The real sign of development and democracy is how a country respects, protects and promotes freedoms and human rights. The biggest challenge of our times is the increasing gap between the promises and performance of states and governments in relation to the protection of the freedoms and human rights of their people. This is most evident in many countries in Asia, with the shrinking of freedom and democratic spaces resulting in increasing attacks on human rights defenders.
In recent weeks, violent clashes in Kayin State have further disrupted Myanmar’s fragile peace process. Fighting between the Democratic Karen Buddhist Army (DKBA) and the government-sponsored Border Guard Force (BGF) in Mae Tha Waw areas of Hlaingbwe township, and more recently near Kawkareik township, has displaced over a thousand people. Entire families have fled their homes and are left stranded with limited access to food and assistance, producing nothing short of a humanitarian crisis. Across the border in Thailand, nearly 60,000 people remain in refugee camps, having fled ongoing conflict over the past two decades.
On Oct. 10, police in the south-central province of Khanh Hoa arrested a popular blogger, Nguyen Ngoc Nhu Quynh, 37, who writes under the pen name Mother Mushroom. She is co-founder of a network of independent bloggers who often find themselves in the crosshairs of a regime that strictly controls the news media and does not tolerate dissent. Radio Free Asia quoted the network as protesting that Ms. Quynh is an “activist who has advocated for human rights, improved living conditions for people, and sovereignty for many years.”
China has made a number of significant steps towards building a future of more sustainable energy.
President Xi Jinping has made good on his commitment to increase the supply of renewable energy at the climate change conference in Paris last year, a time when the toxic smog choking streets in Beijing and Shanghai was making global headlines. I wrote about this at the time in my column “China’s energy paradox”.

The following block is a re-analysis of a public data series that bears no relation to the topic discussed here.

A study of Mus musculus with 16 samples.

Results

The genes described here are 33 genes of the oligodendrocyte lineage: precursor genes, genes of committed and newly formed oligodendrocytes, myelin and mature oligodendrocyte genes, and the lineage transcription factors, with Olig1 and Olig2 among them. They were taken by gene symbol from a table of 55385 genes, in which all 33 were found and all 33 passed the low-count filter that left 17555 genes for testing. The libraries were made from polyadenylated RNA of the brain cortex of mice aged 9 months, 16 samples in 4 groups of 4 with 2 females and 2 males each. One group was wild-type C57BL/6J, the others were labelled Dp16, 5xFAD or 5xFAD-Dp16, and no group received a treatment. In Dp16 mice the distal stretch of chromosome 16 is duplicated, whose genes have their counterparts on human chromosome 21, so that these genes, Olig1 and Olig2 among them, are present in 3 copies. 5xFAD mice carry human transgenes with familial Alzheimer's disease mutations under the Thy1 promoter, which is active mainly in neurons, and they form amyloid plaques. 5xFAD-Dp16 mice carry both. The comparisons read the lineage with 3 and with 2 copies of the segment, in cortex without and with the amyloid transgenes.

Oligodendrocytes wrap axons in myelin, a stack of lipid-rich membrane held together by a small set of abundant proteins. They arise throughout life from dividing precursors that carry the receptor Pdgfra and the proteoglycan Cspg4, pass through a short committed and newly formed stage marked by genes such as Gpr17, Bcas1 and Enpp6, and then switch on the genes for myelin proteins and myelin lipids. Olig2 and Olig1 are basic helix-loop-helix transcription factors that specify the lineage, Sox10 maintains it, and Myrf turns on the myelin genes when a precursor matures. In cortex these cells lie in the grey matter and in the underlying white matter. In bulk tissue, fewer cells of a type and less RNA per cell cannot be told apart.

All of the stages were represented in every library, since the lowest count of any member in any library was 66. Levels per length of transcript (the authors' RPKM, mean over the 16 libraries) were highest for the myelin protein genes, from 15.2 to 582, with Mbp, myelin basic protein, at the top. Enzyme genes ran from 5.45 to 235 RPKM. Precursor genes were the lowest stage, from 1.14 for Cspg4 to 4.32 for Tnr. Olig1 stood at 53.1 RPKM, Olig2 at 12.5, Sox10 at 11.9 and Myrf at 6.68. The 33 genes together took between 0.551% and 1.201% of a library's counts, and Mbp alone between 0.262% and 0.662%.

What is the biggest challenge in carrying out an environmental impact assessment (EIA) for a project in Việt Nam?
As we all know, an EIA is a scientific process that comes up with some projection of the environmental impacts that a project may cause to its surroundings. But currently, an EIA is expected to come up with assessments on areas that do not belong to its ‘original task’ like social impact assessments (SIA), health impact assessments (HIA) and risk assessments (RA).
Though the work demanded for a good EIA report is large, the capital resources allocated for EIAs in Việt Nam is very limited – between just 1-10 per cent of the average resources it receives in other countries. That’s the key reason why an EIA report in Việt Nam is not as comprehensive and independent as it should be.
Just as forests are more than only trees, rivers are more than water. The Mekong river carries massive loads of sediment and nutrients from upstream to downstream and across national borders, replenishing and enriching the land as it goes. This process is key to sustaining the ecological integrity of the river and surrounding landscapes, which in turn supports the economy.
However, a boom in sand mining and hydropower development on the Mekong is transforming the river’s sediment flows, with profound consequences for the region if left unchecked. For a prosperous, sustainable future for the region, all Mekong countries must come together now and adopt international standards for managing transboundary river resources.
My trip to Songkhla in the south of Thailand earlier this week was not a typical sightseeing jaunt, but it was certainly worthwhile.
My destination was not Muang district which is famous for its old-town quarters or Hat Yai, the well-known shopping district of the southern region, but a pristine beach in Thepa’s tambon Pak Bang which is the designated site for a controversial coal-fired power plant.
A global moratorium commencing in 2017 on new fossil-fuel power plants without carbon-capture technology is an option. It would have to be accompanied by grants and cheap international loans to help countries that cancel fossil-fuel power plants to rapidly develop energy efficiency, solar and wind.